The sacred groves of Osun, the goddess of fertility and one of the most popular deities in Yorubaland, are located on the outskirts of Osogbo, which is about 230 kilometers from Lagos. The groves, which are dotted by shrines, sculptures, and artworks, represent a time when people dedicated areas outside their settlements to deities, areas which are regarded as sacred. The Osun-Osogbo grove itself is located in a dense forest that is one of the primary high forest in southern Nigeria.
The hills of Idanre are found in Ondo State in the southwest of Nigeria, about 300 kilometers from Lagos. The hills are about 680 steps from the bottom to the peak and have mysterious handwritings etched into the rock, which have never been decoded. On the hill also is a magical footprint that fits any foot put in it. The town of Idanre has other historical sites, including the building of the first primary school built in 1896 which still stands, as well as a law court and adjoining prison built in 1906 by colonialists. There the inner court of the Oba’s palace is also an interesting place for tourists, with its various sculptures, crafted many years ago. The Idanre hill was listed as a UNESCO World Heritage Site in October 2007, in the cultural category.
Old Oyo in southwest Nigeria is a said to be the former city of Oyo (known as Oyo-Ile), which was deserted in the 18th century after a war with Hausa/Fulani raiders. The site lies within the confines of Old Oyo National Park, and on it are the ruins of buildings built by people who lived there in the past, such as the old palace compound, outer walls with ditches and a water reservoir. There are also wells, cisterns, and grinding hollows which are proof of an extensive past settlement. Within the park is also the famous Agbaku Cave, which served as shelter for the ancient warriors of the Oyo-Alaafin Kingdom during times of war.
The Ogbunike Caves are found in a valley in the tropical forest of southeast Nigeria, in Anambra State. Descending into the valley is a lengthy walkway of 317 steps, which were constructed by the state government. The cave, has about 10 inner chambers and several tunnels, some of which are interlinked. Several streams also flow into the caves, and another stream within flows out into river Nkissa. The caves have a spiritual significance for the local people, and a festival is celebrated to commemorate the discovery of the caves. Bats are the main occupants of the caves, but other animals can be found in the tropical rainforest vicinity, including antelopes, porcupines, and snakes.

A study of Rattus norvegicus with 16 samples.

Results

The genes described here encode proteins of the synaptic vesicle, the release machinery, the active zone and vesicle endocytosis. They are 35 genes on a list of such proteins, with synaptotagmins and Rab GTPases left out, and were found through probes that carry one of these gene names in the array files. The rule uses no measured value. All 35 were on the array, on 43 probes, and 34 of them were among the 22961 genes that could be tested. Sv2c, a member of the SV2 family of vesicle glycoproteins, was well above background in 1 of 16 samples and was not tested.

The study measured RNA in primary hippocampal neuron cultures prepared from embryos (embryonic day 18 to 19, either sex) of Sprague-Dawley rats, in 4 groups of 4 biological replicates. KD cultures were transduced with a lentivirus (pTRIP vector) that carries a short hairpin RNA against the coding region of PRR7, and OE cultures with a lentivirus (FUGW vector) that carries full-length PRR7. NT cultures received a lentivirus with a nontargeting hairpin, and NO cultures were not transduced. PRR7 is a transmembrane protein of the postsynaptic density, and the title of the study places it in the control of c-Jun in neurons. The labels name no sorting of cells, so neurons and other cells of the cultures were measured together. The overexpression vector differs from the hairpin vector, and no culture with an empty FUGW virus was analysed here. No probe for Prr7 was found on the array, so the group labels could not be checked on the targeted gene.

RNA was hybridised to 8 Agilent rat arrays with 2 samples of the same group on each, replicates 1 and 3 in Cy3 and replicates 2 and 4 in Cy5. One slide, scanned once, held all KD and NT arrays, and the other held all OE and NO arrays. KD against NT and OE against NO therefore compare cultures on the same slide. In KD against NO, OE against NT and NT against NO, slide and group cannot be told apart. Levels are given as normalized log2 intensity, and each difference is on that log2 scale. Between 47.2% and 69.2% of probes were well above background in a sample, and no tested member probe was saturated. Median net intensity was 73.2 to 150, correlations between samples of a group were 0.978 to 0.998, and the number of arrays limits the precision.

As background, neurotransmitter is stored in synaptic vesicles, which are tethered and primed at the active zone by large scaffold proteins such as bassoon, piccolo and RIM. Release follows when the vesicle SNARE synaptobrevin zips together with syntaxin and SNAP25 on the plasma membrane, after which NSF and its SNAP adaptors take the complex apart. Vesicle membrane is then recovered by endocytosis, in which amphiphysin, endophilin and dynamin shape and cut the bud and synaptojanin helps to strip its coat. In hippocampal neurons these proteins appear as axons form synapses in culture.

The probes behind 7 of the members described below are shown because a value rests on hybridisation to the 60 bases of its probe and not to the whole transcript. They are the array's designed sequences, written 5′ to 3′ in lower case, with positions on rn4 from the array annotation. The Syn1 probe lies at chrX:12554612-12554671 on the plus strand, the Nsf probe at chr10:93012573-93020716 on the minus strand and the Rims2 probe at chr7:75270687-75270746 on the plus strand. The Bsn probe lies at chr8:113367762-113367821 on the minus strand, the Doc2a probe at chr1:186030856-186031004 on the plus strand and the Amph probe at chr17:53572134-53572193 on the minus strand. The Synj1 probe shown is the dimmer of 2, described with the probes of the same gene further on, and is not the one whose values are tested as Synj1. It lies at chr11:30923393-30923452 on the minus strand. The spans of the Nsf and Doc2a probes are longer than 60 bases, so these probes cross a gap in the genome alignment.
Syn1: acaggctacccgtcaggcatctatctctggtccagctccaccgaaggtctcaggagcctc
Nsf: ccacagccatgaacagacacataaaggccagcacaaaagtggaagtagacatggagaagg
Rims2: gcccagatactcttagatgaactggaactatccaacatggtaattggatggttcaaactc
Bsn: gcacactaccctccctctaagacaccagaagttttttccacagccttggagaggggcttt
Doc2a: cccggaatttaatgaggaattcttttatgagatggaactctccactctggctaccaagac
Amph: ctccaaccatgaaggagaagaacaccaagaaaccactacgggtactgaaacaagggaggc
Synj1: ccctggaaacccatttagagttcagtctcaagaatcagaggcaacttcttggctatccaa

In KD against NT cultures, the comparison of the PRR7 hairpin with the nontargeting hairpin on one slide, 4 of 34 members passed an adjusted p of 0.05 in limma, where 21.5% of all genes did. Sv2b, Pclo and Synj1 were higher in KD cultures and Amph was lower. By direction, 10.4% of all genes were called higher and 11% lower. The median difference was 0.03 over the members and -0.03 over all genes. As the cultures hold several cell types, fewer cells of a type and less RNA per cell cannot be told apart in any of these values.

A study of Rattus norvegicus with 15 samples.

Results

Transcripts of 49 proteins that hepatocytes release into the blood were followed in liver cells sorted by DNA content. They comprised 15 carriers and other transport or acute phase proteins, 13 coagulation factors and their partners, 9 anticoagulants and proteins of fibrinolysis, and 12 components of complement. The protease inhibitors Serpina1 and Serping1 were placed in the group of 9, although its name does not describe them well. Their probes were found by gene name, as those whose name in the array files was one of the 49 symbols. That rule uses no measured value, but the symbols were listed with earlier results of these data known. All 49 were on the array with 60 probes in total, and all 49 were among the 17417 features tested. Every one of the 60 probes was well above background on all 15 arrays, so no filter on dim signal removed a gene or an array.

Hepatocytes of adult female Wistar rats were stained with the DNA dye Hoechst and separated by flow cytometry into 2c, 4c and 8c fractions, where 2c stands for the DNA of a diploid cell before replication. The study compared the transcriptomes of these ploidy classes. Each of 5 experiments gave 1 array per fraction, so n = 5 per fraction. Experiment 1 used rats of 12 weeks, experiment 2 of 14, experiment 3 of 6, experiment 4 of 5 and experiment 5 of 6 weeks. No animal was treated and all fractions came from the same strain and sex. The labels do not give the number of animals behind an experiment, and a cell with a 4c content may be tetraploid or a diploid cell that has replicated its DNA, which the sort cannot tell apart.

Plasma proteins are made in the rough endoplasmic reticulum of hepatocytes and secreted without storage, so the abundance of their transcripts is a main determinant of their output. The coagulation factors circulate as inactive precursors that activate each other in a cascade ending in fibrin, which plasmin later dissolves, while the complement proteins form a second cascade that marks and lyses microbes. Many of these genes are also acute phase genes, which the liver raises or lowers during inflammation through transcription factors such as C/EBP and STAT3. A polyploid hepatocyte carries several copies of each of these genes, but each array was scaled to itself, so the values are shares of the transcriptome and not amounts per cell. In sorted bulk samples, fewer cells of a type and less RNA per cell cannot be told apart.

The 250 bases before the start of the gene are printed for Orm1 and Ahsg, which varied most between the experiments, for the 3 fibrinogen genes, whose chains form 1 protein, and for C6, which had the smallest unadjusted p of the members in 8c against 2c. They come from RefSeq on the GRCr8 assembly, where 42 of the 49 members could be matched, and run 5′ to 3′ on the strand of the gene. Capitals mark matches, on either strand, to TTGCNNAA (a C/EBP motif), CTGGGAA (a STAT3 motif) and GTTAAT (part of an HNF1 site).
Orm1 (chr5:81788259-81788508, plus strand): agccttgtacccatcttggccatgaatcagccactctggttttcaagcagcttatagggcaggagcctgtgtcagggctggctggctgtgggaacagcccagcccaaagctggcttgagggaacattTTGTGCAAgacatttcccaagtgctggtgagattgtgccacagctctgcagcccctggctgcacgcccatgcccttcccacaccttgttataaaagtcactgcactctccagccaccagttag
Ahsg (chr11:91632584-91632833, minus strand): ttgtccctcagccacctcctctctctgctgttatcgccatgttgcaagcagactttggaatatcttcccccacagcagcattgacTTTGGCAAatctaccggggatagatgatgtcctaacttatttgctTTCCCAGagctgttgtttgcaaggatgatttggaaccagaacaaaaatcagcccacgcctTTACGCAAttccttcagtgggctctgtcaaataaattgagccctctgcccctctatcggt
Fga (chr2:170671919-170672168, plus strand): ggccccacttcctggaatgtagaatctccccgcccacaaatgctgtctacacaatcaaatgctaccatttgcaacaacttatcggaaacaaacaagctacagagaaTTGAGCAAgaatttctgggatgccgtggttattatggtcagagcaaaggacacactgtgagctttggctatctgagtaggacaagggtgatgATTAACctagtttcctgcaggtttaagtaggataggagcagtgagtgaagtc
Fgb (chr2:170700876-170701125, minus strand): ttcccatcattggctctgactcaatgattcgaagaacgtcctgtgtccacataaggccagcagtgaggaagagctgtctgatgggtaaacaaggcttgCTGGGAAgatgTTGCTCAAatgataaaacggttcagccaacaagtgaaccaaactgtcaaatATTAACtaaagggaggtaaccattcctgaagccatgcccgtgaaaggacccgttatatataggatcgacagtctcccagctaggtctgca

Oban Hills are part of the Cross River National Park, which is contiguous with Korup National Park in Cameroon. The Oban Hills are home to a variety of wildlife including the Nigerian-Cameroon chimpanzee, which has brought about a lot of conservation efforts in the hills and the surrounding landscape.
Located in Anambra State in the southeastern part of Nigeria, Ogbaukwu caves are said to be the largest in West Africa and have enough roomy compartments to accommodate an entire village. Not much is known about the caves as they are largely unexplored, but local legend tells a story of a brave warrior who defeated lions that lived in the caves. The waterfalls are an aesthetic beauty and attract many tourists.
The Alok Ikom monoliths are about 350 upright, carved stones found in Ikom, Cross River State of Nigeria. They vary in height and most are grouped in circles facing each other. Researchers believe that the inscriptions on the monoliths are a form of prehistoric writing, but the images and texts remain undeciphered. The monoliths are found in different places in the Alok Ikom community.
The 14-kilometer city wall made of earth and its associated sites (Dala Hills, Kurmi Market and the Emir’s Palace) are found in the northern part of Nigeria. They form a part of a pre-colonial civilization and governance, when the city was built for the security of the growing population of ancient Kano. The walls were said to have been completed in the 14th century, but were later extended in the 16th century, which is the present structure.
Sukur is located in Madagali area of Adamawa State in northeastern Nigeria. The landscape has terraces on farmlands, stone-paved walkways, and dry-stone structures. On the landscape is the palace of the chief and other sacred remains that express the spiritual and material culture of an ancient society, and it is also representative of a former flourishing iron industry.
These are a series of defensive walls found in the southwest of Nigeria, in Ogun and Edo states. Sungbo’s Eredo are walls that were said to have been built in honor of a female chief, Bilikisu Sungbo. Her story was linked to the biblical Queen of Sheba, which was later disproved by archaeologists. The Eredo walls are presumed to have been the inspiration for the ‘Iya’ (walls) of Benin which are said to be the largest earthwork in the world.